Well, last night we went to see "Earth", the 99-minute pseudo compilation via Disney of an epic BBC work called Planet Earth from 2006. This one focuses on three families: Polar bears, elephants and humpback whales.
(The next excerpt will be out in 2010 - called "Oceans.")
I have mixed feelings, but the children sure loved it.
We own the progenitor, the multi-episode set, narrated by David Attenborough (they had to one-up that by putting James Earl Jones in this one; and Patrick Stewart narrates the same shorter film in the UK and Europe), so it wasn't a surprise, exactly, although the creators say 40% of this is formerly unseen footage. And though we have the flat-screen/HD stuff at home, nothing - Nothin! - beats the big screen.
But they sure want you to root for the traditional family! Calling the polar bear adults "Mom" and "Dad" was a bit much, I thought, considering they're never in a scene together. In fact, they might have been many miles apart. And acting as though the lone male lion in a pride ready to prey on drought-stricken elephants called his bitches to the hunt was another odd thing.
The girls felt sorry - manifested tragically! - for any loss or potential loss.
For example, the young deer (gazelle) that the Cheetah chased down and then embraced, they had tears in their eyes, but we were mesmerized by the slow motion camera that caught the action, backed by appropriately dramatic music. We literally could not breath for two minutes.
When the "father" polar bear is trying to get a meal, after having been adrift in icemelt seas for days, by weasling into a sea lion pack, they first are concerned for the baby sea lions. But then, when the male bear has failed, they are worried and grief-stricken at his laying down on the ice, apparently to simply die, on the edge of his buffet of tusked counterparts - both prey and enemy in this scenario. [And, they asked me that loaded question, more than once, Why didn't the people just filming this just feed/water/help them?]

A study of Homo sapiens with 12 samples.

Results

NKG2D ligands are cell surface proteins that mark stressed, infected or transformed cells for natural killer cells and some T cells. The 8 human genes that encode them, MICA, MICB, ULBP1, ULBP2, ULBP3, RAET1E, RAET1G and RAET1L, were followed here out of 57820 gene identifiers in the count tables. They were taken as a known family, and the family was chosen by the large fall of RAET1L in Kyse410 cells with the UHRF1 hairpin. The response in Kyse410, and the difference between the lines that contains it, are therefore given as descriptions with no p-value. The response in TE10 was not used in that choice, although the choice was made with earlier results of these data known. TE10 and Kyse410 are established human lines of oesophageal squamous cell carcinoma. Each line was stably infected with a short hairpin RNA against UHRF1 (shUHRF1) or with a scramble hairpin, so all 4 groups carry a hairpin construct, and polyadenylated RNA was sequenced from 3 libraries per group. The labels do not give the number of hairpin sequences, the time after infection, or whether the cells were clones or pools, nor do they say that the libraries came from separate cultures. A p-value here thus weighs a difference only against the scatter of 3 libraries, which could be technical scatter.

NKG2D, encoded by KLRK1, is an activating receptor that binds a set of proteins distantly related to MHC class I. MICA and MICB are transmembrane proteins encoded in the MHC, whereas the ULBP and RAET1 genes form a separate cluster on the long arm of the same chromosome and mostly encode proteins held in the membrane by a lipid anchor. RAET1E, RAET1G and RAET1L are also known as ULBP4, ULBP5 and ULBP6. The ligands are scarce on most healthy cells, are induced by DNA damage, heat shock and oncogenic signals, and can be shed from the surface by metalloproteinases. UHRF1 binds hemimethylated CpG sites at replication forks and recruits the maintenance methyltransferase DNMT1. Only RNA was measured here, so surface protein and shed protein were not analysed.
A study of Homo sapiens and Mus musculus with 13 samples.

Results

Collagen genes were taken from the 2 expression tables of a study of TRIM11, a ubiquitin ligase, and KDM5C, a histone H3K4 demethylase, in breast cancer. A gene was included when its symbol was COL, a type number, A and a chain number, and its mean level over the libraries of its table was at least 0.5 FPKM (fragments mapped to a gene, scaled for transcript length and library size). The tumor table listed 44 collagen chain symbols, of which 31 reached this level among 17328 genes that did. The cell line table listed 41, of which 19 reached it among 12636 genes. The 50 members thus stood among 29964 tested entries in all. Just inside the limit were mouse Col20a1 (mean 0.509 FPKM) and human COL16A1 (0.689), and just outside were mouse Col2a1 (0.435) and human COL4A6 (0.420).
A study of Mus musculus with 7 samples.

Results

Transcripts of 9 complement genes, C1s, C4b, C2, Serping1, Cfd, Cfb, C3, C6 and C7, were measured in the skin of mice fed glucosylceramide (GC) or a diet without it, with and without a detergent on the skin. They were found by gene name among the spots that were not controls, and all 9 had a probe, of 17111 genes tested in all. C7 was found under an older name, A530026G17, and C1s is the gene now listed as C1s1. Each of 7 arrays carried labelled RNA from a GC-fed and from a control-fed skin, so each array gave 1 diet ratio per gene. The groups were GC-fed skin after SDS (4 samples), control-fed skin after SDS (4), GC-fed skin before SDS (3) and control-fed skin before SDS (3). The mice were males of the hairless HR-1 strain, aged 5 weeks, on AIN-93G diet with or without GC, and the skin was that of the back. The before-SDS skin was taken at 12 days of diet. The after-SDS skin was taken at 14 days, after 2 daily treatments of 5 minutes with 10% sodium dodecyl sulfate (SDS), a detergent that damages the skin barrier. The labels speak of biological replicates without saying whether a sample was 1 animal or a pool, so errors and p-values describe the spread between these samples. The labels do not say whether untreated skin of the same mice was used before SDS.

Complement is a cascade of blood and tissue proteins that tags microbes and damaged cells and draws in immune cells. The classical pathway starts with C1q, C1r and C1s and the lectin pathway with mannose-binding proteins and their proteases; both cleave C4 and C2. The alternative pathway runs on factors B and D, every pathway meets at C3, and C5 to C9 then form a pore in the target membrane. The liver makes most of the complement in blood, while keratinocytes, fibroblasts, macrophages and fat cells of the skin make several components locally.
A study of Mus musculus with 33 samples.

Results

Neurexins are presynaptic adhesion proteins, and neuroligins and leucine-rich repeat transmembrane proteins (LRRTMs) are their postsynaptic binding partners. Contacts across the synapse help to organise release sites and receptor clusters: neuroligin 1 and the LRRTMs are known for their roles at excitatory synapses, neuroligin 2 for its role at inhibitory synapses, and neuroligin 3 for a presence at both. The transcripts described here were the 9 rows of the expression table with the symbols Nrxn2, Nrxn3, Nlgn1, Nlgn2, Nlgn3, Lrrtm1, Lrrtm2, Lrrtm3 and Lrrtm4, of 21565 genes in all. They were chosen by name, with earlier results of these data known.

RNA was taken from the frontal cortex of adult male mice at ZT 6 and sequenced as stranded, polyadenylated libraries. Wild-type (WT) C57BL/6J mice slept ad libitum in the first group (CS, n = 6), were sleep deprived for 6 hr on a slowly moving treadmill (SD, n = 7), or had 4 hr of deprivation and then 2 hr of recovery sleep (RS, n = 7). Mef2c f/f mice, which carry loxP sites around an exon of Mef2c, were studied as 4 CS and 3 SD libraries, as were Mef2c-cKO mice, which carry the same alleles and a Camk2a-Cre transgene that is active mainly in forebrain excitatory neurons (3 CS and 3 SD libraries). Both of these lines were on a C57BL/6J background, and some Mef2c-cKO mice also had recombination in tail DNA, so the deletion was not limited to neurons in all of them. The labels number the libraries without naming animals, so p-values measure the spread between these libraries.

It made it confusing. I mean, who are you supposed to root for? The same thing happened with a couple of wolves, trying to separate out a young caribou from the pack. We Love wolves, and think they are unfairly maligned. But doggone it, the baby caribou is so darn Cute!
The humbacks are as friendly and mystical as always. The penguins as goofily competent as ever. The elephants are treated with respect and reverance.
There's some fantastic footage of mating birds of paradise. Truly exceptional stuff - especially they way they set it up - he cleans house, preens, all day... and then the broad doesn't come. Or if she does, she leaves!
Learned a little about the aurora australis, too - like of its existence!
By far, the most compelling thing to me, aside what I learned of the forests of our northwestern hemisphere (the oxygen they alone provide our earth), were the aerial shots - the migration of literally thousands of caribou "way" up north, or hundreds of crane - migrating over the highest peaks in the world, the Himalayas; the immense waterfalls of the Kalahari, shot as though for a 3-D experience (I warn you - vertigo!). The time-lapse photography that shows winter/spring/summer in the icy north, or an entire season in a rain forest.
The most spectacular shot-get would have to be the Great White Shark, leaping into the air, rolling, while in his maw sits a doomed seal. It's unbelievable footage. I know they stayed out in the veldt for weeks to get the lions accustomed to them before they could get their great lion "kill shot". But how'd they get this shark? They don't even have a pic I can download of this, just one of when the shark's nearly resting in the water with the seal on board. But it is awesome, and oh so revealing: the girls feel sorry for the predator polar bear, but hate the predator shark. I had to point this out to them, of course.
All in all, it was a good experience. I got to have fun leaning over to the Elder, whispering, "That's what Governor Palin wants to shoot out of helicopters," as we watched a wolf couple, obviously filmed from a helicopter, pick their way briskly through the tundra. It was my pleasure to illustrate the dichotomy of loving animals, and yet supporting their kill or be killed lifestyle, when necessary.
It was softer-spoke than its BBC edition, but held true to the ethos:
This is our planet. She is dying. We must save her.